Showtime’s David Nevins Talks ‘Twin Peaks,’ Patti Smith Series, Documentary Push

David Nevins Showtime TCA Summer Press
Eric Charbonneau/AP Invision for Showtime

After some behind-the-scenes drama, Showtime’s “Twin Peaks” sequel is heading into production next month with director-exec producer David Lynch tackling the project as one long movie that will be sliced into a still-undetermined number of episodes.

Showtime initially announced “Twin Peaks” as a nine-episode order. After some wrangling in the spring over the budget — during which Lynch briefly dropped out of the project — the sides came to terms, and now all systems are go for Lynch to direct the entire series. Production begins next month, mostly in the Washington state area.

“I expect (the series) be more than nine (episodes),” Nevins said Tuesday during his presentation at the Television Critics Assn. press tour at the Beverly Hilton. “It’s open ended. I know what his shooting schedule is, and then I’m going to let him cut into it however many episodes it feels best at.”

The premiere date is also still to be determined. It could be as late as 2017, Nevins acknowledged. “I want it as badly and as soon as the biggest fans in the world,” he said. “I’m hoping sooner rather than later.”

Nevins also announced fourth-season pickups for dramas “Ray Donovan” and “Masters of Sex,” which are now in the midst of their third seasons.  

Another high-profile project in the works at Showtime is a limited series based on “Just Kids,” musician Patti Smith’s memoir of coming of age as an artist in 1970s New York City. “Penny Dreadful” creator John Logan is working on the adaptation with Smith. The series will revolve around Smith and her friendship with famed photographer Robert Mapplethorpe at a fertile moment in New York’s artistic scene.

Smith happened to be a “Penny Dreadful” fan, and the chance for her to work with Logan helped Showtime land the sought-after rights to her bestselling memoir.

Nevins made a point of showcasing Showtime’s growing slate of documentaries and the initiative that started this year to give some titles theatrical runs under the Showtime Documentary Films banner. Those titles include “Listen to Me Marlon,” a documentary built around audio recordings of Brando’s private musings that the legendary actor made over the years. “Prophet’s Prey,” about fundamentalist polygamist Warren Jeffs, will also get a theatrical release.

Other upcoming docs include a probing look at the CIA, “The Spymasters,” narrated by “Homeland’s” Mandy Patinkin; “I Am Giant,” a study of New York Giants star Victor Cruz; “American Dream/American Knightmare,” about embattled rap mogul Suge Knight; and “Electric Church: Jimi Hendrix.”

“The documentary forum as it’s being told now by filmmakers is much, much more engaging as a rule than it was ten years ago,” Nevins said. “For the right price point, you can make something really interesting with filmmakers doing really cutting-edge work.”

He added that Showtime’s documentaries have performed well on the company’s nascent over the top streaming service, which launched last month. The availability of Showtime as a digital-only option has “significantly transformed our business,” he said, citing the “opportunity to become a more responsive consumer-focused company.”

Nevins was, of course, asked the question that has been a theme of the summer TCA sessions: How networks are grappling with the overabundance of competition from the boom in original series programming on TV and digital outlets.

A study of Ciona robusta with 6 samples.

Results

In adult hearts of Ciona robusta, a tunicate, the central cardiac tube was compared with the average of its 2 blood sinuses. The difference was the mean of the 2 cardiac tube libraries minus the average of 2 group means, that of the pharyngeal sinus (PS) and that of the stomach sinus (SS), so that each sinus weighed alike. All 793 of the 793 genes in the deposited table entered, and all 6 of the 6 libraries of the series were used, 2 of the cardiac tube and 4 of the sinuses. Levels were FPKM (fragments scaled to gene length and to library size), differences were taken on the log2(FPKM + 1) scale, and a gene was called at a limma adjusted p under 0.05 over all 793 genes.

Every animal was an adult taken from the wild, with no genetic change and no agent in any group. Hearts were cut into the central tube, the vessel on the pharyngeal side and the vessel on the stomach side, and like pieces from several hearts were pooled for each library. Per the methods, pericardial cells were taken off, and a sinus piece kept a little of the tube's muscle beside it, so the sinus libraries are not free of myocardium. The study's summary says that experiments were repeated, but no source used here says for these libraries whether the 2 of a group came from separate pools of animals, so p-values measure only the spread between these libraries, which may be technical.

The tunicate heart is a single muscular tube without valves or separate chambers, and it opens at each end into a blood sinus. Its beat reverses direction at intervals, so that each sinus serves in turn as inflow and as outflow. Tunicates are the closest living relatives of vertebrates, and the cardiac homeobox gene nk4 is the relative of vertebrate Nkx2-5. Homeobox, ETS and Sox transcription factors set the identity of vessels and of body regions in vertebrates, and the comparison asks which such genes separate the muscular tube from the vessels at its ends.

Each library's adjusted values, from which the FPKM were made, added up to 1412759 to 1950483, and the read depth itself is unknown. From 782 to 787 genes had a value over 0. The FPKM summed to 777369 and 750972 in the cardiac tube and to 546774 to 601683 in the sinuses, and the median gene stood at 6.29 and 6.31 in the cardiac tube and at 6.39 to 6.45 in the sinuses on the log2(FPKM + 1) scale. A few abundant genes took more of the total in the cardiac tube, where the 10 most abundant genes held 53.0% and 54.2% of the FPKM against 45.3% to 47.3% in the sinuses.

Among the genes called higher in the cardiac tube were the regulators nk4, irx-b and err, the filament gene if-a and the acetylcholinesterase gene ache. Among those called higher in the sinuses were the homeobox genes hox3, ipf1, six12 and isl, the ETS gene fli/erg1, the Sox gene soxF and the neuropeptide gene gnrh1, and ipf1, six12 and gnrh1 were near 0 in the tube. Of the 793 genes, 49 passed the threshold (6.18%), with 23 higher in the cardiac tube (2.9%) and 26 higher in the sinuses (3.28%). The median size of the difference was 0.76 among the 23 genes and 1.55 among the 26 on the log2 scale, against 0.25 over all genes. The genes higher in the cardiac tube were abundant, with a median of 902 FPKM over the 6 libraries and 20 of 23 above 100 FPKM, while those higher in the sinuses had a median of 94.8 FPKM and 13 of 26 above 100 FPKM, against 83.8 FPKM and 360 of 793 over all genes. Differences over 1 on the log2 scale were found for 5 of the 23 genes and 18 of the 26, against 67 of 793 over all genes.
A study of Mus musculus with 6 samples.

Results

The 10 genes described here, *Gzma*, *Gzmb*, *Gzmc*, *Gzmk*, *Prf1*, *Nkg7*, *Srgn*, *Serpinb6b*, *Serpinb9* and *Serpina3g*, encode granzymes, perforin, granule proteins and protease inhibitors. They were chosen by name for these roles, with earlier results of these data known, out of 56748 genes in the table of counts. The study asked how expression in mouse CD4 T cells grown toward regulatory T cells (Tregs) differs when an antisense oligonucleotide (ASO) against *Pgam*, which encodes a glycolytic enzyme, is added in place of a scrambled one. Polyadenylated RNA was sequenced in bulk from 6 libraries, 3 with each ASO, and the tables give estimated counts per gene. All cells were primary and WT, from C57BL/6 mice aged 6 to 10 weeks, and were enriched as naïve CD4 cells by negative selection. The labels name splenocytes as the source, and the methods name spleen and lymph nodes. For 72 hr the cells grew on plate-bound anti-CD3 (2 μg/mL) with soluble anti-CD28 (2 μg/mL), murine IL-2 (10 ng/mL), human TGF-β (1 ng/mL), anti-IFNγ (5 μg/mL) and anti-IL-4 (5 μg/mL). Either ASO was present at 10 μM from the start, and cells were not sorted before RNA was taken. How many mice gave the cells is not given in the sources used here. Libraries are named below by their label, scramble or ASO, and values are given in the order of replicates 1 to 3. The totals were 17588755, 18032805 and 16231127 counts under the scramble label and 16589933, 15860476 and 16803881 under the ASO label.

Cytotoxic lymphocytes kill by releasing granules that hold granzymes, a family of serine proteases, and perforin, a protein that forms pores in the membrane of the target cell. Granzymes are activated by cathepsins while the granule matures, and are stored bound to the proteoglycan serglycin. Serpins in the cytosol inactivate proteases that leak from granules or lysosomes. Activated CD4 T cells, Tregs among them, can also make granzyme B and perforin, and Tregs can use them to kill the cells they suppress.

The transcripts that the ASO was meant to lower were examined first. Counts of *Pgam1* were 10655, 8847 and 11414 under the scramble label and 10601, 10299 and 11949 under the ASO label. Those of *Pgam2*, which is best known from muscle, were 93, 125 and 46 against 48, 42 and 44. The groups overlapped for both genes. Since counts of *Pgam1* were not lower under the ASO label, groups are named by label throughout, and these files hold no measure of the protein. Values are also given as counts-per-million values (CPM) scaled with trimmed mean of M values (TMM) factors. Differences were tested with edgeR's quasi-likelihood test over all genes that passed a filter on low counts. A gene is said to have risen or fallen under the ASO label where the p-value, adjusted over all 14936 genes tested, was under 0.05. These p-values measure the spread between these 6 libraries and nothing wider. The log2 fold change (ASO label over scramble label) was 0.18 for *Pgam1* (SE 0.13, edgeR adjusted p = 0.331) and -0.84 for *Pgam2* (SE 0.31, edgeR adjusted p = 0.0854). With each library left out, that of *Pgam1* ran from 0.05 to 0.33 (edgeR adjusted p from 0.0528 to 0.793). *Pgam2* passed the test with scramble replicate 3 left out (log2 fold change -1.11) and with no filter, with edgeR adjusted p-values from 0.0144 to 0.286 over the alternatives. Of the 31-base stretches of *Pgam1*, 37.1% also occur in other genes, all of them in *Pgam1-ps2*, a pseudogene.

“There’s never enough great TV,” he said. “We’re trying hard to make great TV.” He acknowledged that “there’s a lot of stupid money going in a lot of different directions. You hear about (projects landing) two-season commitments off of pitches.”

Showtime is focused on growing its slate of originals, but only “at a rate that we feel we can do great, meaningful television.”

As for the marketplace gyrations in the pay-TV arena, Nevins said the emerging era of “skinny bundles” and over-the-top services are tailor-made for Showtime. “To the extent that there are different kinds of bundles and different providers, it augers well for our company” by making it more affordable for consumers to access subscription TV services.

Among other topics raised during the session:

  • Showtime has ordered a pilot for an untitled drama about a young African-American man growing up in a rough neighborhood in Chicago. Lena Waithe (“Dear White People”) and Common are exec producing, with Clark Johnson on board to direct.
  • “Homeland’s” upcoming fifth season will take the show into new territories and a focus on new security threats, including Russia and ISIS. Because the season is set in Berlin, it’s natural to ask “what’s Putin up to? That’s a tricky relationship there,” he said.
  • Docu series “A Season With Notre Dame Football,” premiering Sept. 8, will follow the storied college team through an entire season.
  • Comedy remains hard, Nevins acknowledged. “Happyish” did not live to see a second season, and comedy pilot “Roadies” has undergone recasting. Nevins noted that Seth Rogen is in talks to develop a project for Showtime but he would not elaborate. “There hasn’t been a comedy that has defined a network for a while,” he said, noting the broader struggle for comedy series to break through in the same way that drama series resonate.


    What a brain trust he must be. How original. Pathetic. Next will be twin peaks in cartoon version.

  2. Jiminy Critic says:

    If we are living in the Golden Age of Cable Television, that era ended on August 2 with the airing of “Ray Donovan”. What was once a well honed, superbly written, character driven drama, has devolved into a poorly written, dreary, soap opera-esque mess. Why it’s being renewed, instead of being put out of its (and our) misery, is a mystery. RIP Golden Age II.